Friday, March 5, 1999 Published at 00:38 GMT
Alcohol abuse targeted
Bar staff may be trained to be more socially responsible
The drinks industry has called for a major drive to target serious alcohol abuse.
The Brewers and Licensed Retailers Association (BLRA) says policies should concentrate on people with a serious drink problem, rather than on raising fears among moderate drinkers.
It has written to Health Minister Tessa Jowell calling for the government to join forces with pubs, breweries and retailers to thrash out the best way to tackle the problem.
The BLRA said training programmes for licensees and modern design of pubs and restaurants had helped reduce alcohol-related public order problems.
The industry is also considering the introduction of training-based qualifications for licensees which will place a heavy emphasis on social responsibility.
The report said: "The industry has invested very heavily in refurbishing pubs and in new buildings to give public houses a more open and less intimidating atmosphere, which is attractive to women and to families.
"This discourages rowdy and inappropriate behaviour. The use of well-designed premises, which can be managed more easily ... contributed to a more comfortable atmosphere.
"Clearly this investment has been commercially carried out with expectations of attractive returns on the capital invested, but also in the belief that such outlets are a socially responsible investment - the product of enlightened self interest."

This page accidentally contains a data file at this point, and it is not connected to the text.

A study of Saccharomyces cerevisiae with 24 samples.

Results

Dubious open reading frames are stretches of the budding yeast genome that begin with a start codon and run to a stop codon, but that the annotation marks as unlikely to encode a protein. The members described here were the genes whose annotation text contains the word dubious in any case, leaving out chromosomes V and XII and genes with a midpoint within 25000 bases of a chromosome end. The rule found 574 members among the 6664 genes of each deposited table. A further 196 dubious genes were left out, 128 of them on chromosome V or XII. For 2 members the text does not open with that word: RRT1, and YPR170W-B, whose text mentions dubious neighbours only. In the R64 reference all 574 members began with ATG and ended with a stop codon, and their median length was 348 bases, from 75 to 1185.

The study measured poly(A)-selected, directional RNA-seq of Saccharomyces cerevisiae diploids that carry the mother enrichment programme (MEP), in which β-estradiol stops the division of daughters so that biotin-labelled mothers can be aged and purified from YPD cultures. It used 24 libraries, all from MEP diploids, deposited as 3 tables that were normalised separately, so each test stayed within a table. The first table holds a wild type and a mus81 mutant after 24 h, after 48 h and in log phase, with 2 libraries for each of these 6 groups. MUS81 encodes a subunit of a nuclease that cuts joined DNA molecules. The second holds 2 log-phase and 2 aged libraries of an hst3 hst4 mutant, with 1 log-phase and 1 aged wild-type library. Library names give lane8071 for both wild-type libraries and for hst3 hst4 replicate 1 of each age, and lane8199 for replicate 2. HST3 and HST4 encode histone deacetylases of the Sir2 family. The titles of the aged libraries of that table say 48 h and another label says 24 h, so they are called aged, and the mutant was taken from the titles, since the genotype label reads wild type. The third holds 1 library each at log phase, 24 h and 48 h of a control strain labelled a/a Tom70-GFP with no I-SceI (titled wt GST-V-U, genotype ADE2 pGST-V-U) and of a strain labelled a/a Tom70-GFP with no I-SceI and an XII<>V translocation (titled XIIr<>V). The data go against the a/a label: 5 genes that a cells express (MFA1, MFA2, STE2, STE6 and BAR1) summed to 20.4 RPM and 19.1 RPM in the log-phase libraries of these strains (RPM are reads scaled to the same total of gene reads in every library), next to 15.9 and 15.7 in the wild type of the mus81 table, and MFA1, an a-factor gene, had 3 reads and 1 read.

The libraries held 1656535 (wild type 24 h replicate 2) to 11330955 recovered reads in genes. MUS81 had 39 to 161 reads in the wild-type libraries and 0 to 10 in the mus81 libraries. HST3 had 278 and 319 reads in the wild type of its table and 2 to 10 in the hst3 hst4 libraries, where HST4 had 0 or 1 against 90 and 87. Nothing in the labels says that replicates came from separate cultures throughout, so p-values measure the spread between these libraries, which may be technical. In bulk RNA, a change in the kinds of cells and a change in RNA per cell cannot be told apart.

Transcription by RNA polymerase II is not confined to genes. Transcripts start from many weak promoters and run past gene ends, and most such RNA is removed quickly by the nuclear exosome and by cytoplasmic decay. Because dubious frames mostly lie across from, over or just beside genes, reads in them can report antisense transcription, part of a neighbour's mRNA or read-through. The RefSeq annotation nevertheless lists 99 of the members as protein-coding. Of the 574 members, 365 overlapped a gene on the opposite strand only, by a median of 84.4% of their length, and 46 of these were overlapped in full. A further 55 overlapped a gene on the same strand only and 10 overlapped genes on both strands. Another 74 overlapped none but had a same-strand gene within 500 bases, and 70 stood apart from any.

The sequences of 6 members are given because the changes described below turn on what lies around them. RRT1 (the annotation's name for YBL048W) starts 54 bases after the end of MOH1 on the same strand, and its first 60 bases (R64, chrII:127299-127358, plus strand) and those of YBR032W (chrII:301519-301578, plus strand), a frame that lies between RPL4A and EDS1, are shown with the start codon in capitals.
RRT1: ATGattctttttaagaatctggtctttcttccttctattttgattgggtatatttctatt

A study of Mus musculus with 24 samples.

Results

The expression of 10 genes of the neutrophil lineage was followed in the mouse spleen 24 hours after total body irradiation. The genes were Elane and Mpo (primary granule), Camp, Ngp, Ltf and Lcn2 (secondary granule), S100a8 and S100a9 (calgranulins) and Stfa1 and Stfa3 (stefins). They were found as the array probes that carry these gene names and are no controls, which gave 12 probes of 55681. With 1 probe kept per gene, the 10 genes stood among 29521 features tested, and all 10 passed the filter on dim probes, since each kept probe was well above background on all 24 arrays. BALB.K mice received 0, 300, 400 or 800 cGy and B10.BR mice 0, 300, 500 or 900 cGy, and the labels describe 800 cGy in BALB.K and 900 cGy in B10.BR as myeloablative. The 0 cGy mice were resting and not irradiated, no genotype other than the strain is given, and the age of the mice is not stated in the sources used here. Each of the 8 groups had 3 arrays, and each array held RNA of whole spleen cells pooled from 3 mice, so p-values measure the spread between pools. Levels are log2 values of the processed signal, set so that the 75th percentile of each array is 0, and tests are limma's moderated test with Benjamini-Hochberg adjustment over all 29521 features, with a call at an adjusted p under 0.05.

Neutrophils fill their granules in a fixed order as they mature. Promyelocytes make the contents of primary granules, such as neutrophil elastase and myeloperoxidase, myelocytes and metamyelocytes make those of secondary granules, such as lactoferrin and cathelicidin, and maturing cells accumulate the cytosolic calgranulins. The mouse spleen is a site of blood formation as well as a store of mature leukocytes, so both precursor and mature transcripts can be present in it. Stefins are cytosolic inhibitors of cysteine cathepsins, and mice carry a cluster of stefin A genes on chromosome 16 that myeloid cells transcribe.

This would be made up of the drinks industry, the British Medical Association, the chief medical officer and groups such as Alcohol Concern.
It called on the government to work with the industry, the police, health workers and other agencies to combat the problems caused by alcohol abuse.
A spokesman for the BRLA said: "Any credible strategy against alcohol misuse should start, as the government has previously acknowledged, from the stance that the moderate consumption of alcoholic drinks is accepted as perfectly compatible with a modern healthy lifestyle and go on to find a better way to assess and reduce the harm resulting from misuse by a minority."
Dr Bill O'Neill, ethics and science advisor for the British Medical Association, said the association would welcome any involvement in an advisory committee.
But he said: "We would want any group to look at more than just the misuse of alcohol. It should also have an educative function.
"What is required is a positive strategy giving advice on both the appropriate and inappropriate use of alcohol."
People spent £29.2bn on alcoholic drinks in 1997 - 5.1% of their disposable income.
A 1994 survey found that 8% of men (17% in those aged 20-24) and 2% of women had an identifiable "alcohol dependency".